This booklet offers advice to writers about point of view. It defines POV as a “position” from which something is considered or evaluated (p.6). The author eventually explains that this “position” is not a spatial location (e.g., a camera placement in cinematography), but instead, the psychology of whichever character is telling the story at any given moment.
She downplays the psychology of the narrator and insists that POV refers only to fictional characters. On page 12 however she refers to the omniscient narrator as a character, which I’m not sure is correct.
Nelson dutifully distinguishes first-, second-, and third-person “points of view,” although those are structural devices and not quite the same thing as identification of which character’s psychology is telling the story. A third-person narrator can tell a story from the POV of several different characters.
Nelson helpfully connects POV to narrative distance, a crucial, if difficult concept for many writers. First-person POV is supposedly more intimate because the main character is directly accessible to the reader unlike a character described at arm’s length by some third-person narrator. That’s certainly true.
However, a third-person-close narrator can go far deeper into the head of a character than a first-person narrator can, since nobody really knows everything (or even very much) about themselves. So it’s an oversimplification to say that first-person is always more intimate. It can be very constraining and there should be a good reason to choose it.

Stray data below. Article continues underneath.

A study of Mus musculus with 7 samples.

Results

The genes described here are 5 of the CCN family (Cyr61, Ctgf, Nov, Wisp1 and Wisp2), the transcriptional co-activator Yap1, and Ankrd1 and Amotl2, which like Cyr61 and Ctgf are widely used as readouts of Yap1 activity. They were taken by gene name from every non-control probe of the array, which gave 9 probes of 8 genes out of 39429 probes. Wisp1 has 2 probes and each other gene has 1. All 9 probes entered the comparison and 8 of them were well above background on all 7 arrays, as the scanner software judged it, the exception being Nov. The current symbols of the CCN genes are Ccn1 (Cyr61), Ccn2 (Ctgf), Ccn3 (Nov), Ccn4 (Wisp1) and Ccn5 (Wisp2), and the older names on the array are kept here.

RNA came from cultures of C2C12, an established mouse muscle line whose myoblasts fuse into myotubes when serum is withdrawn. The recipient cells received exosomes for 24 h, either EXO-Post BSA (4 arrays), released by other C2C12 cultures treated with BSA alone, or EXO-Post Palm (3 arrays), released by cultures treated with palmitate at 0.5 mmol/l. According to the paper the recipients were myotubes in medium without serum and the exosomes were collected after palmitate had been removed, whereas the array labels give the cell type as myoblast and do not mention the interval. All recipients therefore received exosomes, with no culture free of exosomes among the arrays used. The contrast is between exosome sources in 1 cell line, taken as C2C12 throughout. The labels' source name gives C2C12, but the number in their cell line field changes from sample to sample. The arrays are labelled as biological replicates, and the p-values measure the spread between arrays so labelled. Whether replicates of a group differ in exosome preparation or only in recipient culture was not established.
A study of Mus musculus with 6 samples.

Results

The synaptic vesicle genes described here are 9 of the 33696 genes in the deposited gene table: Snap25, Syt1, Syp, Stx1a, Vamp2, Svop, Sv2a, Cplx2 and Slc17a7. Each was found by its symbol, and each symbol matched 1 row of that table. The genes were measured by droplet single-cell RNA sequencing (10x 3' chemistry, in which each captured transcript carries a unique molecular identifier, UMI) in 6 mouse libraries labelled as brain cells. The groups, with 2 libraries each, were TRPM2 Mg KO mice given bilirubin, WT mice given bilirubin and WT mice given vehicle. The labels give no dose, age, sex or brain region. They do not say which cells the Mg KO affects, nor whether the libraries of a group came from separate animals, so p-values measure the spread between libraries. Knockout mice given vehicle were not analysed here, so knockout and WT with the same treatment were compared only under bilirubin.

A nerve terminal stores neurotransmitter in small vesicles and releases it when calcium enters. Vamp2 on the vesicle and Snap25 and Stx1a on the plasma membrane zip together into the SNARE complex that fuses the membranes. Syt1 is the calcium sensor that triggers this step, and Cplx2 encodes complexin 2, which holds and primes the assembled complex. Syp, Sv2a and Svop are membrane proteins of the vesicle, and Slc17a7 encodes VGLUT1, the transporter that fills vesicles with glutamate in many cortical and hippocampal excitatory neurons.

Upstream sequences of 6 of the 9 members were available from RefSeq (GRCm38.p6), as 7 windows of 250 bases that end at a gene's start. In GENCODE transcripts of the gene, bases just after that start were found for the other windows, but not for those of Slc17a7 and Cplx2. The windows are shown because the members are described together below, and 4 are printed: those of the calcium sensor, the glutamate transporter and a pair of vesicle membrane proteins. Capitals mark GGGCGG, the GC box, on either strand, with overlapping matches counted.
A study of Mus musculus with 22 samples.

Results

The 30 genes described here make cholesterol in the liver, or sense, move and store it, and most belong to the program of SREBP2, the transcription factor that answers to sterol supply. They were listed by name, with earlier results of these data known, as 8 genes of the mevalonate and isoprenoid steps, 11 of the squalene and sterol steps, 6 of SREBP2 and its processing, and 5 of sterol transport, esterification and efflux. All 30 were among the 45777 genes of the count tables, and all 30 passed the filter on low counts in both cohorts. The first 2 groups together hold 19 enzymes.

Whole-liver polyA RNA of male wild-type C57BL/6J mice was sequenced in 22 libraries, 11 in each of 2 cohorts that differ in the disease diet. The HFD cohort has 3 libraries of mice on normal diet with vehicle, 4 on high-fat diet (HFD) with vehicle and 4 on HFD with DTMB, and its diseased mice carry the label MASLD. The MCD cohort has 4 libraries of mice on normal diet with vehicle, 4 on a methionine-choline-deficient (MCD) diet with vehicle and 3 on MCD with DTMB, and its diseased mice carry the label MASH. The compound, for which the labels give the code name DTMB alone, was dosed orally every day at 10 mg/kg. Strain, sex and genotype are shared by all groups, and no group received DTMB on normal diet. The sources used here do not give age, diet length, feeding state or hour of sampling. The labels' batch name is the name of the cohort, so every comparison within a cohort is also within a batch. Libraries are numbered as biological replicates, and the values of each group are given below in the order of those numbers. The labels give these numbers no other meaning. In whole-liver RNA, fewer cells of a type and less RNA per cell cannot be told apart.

Nelson confusingly demonstrates narrative distance with several examples of free indirect discourse (FID), a narrative technique that she doesn’t define or explain. For a good examination of FID and narrative distance in general, a writer might enjoy an article by David Jauss: https://www.awpwriter.org/magazine_media/writers_chronicle_view/1731/from_long_shots_to_x-rays_distance_point_of_view_in_fiction_writing, an excerpt from his excellent book, On Writing Fiction: Rethinking Conventional Wisdom About the Craft. Cincinatti, OH: Writers Digest Books, 2011.
For Nelson, “Deep” POV seems to mean FID. It also means use of the objective correlative, describing actions and scenery in the context of a character’s concerns, rather than from the abstract, ungrounded POV of an omniscient narrator. Writers who want more on this might like to see Robert Owen Butler’s 2005 book, “From Where You Dream.”
Nelson rightly cautions writers against devolving into internal monologue in pursuit of deep POV, but her own examples are almost all FID, which can become tedious when overused. At least she doesn’t blatantly name emotions and feelings as some contemporary authors do (e.g., Elena Ferrante in “The Days of Abandonment”).
There’s plenty of advice for any writer, presented as cautions against overuse of dialog tags, prepositions, passive voice, and so on.
The book would have been stronger if it had identified and explained the concept of free indirect discourse, a technique that has been around since Madame Bovary. That flaw aside, the collection of admonitions and examples do make up an entreaty to avoid abstraction and emphasize character psychology, good advice for any writer.
Nelson, Jill Elizabeth (2012), Rivet Your Readers with Deep Point of View. Self-published: www.jillelizabethnelson.com. (59 pp.)